For 35 years, Carol Spencer was Barbie’s personal couturier, designing styles for the California doll that ranged from cocktail attire to beachwear, surgical scrubs to an eastern European Empress that sold for $50,000. Now 86, Spencer reflects on serving as Barbie’s personal stylist from 1963 through 1998 in her book Dressing Barbie (HarperCollins).
“It was like she was my best friend,” Spencer says over the phone from her home in Los Angeles, where she’s lived since the early ’60s, when she moved from the Midwest. Women, she writes, were expected to choose a career from a short list that included nurse, teacher, secretary, “seamstress,” and “shopgirl.” Those who didn’t like those options could always choose wife and mother.
“When I graduated from high school I was supposed to be a secretary,” she says. “I couldn’t stand it. Taking shorthand and sitting there, working in an office, that was not for me.” Instead, Spencer enrolled in the fashion-design program at the Minneapolis School of Art.
When she arrived at Mattel four years after Barbie debuted in 1959, she was charged with reimagining current fashion trends in the doll’s size – roughly one-sixth human scale. “It took 18 months to get certain products into production,” she remembers. “By the time it was in production [the trend] would either be at the peak or slightly on the decline, but it would be well-known to the child. It didn’t have to be the initial fashion that Christian Dior had designed that week, because the child wouldn’t understand it.”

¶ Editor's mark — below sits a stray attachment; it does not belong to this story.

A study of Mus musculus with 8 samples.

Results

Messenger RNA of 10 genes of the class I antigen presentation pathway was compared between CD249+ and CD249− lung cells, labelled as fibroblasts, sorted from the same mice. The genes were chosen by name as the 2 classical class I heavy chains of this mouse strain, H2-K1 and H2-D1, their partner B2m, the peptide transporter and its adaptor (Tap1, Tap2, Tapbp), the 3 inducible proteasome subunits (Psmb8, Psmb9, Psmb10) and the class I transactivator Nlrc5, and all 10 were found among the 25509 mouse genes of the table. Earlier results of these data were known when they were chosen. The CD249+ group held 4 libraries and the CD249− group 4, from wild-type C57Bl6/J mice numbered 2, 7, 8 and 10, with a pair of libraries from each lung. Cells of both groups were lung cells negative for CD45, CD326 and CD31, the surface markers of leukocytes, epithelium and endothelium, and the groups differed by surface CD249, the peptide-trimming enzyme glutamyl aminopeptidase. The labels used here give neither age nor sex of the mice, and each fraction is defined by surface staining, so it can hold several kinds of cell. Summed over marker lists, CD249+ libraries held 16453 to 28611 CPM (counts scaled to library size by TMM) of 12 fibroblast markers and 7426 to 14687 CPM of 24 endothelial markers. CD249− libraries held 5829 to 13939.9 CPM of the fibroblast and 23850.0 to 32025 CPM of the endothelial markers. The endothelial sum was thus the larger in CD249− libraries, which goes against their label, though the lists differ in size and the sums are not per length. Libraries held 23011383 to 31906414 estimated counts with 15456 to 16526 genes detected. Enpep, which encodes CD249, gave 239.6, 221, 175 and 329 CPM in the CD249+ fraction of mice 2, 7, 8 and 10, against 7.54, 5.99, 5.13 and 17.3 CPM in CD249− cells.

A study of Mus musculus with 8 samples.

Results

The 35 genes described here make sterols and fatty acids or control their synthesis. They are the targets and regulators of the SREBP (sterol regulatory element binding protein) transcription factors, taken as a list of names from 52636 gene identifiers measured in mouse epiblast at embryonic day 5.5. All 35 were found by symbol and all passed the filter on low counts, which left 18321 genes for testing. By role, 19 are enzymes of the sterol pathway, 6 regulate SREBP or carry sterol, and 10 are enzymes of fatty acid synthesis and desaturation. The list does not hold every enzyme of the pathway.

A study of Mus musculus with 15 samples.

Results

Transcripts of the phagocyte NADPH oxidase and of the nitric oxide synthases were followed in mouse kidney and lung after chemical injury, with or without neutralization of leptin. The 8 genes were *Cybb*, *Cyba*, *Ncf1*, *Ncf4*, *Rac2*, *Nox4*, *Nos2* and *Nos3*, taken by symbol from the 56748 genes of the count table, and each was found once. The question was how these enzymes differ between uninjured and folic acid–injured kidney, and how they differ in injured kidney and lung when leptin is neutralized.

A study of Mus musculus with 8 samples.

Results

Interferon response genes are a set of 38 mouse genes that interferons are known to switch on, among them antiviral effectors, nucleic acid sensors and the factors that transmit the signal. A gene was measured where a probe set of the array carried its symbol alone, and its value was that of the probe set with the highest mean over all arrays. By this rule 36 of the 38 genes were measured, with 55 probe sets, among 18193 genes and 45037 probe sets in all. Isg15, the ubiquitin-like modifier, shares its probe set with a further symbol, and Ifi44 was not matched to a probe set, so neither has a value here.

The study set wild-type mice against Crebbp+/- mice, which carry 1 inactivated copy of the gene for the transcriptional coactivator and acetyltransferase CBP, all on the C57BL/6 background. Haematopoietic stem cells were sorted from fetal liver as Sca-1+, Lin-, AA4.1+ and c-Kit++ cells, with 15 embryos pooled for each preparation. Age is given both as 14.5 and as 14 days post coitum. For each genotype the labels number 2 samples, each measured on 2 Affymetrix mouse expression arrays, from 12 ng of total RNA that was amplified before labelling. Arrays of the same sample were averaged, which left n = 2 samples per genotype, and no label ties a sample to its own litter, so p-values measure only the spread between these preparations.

For example, it took nearly a year for a look that nodded to Barbra Streisand’s 1969 Oscar look to hit the market. Streisand had popularized the evening-pyjama trend with an Arnold Scaasi pantsuit with plastic sequins that, unbeknownst to her, turned see-through under the Oscar spotlight. Spencer used a similarly translucent fabric for Lemon Kick, but, in a spoof on Streisand’s bum-baring look, Spencer made sure Barbie wore a pair of oversized panties underneath.
Barbie’s undergarments were a bit of a fixation for anxious parents. “From the beginning, if we didn’t have underpants, parents would ask for underpants,” Spencer says. “They would say, if Barbie doesn’t wear them then the child won’t wear them.” Mattel tried everything from offering underwear separately to dolls with painted-on drawers but still found Barbie a reliable lightening rod for controversy.
“With any toy, especially for a child, you get a certain amount of comments,” Spencer says. “We made sure that the product was wholesome but also that it was fashionable and it followed the trends.”
One of the most vocal critics was the late Baptist minister Jerry Falwell who later became infamous for his conspiracy theory that Tinky Winky, the purple Teletubby, advocated a gay agenda. “He used to call our PR department every time a new line came out,” Spencer recalls.
In the ’80s, Barbie’s style goals shifted as her closet expanded to include looks that ultimately grew to represent over 200 professions including surgeon, rapper, executive, paleontologist (twice), game developer, and president. Barbie’s career ambitions reflected what was happening in North America. When she debuted in 1959, Stats Canada reports a quarter of women were employed or actively looking for work. By 1990, the percentage of women in the workforce was 76%.
Rather than reinforcing the traditional careers that Spencer had grown up with, Barbie’s “we girls can do anything” mantra positioned her as an unlikely trailblazer. For example, astronaut is a vocation that has appeared on Barbie’s resume a dozen times. Inspired by NASA’s first spacesuit designed for female astronauts, Spencer created a realistic spacesuit for Barbie in the ’80s. She even had her own flying space vehicle.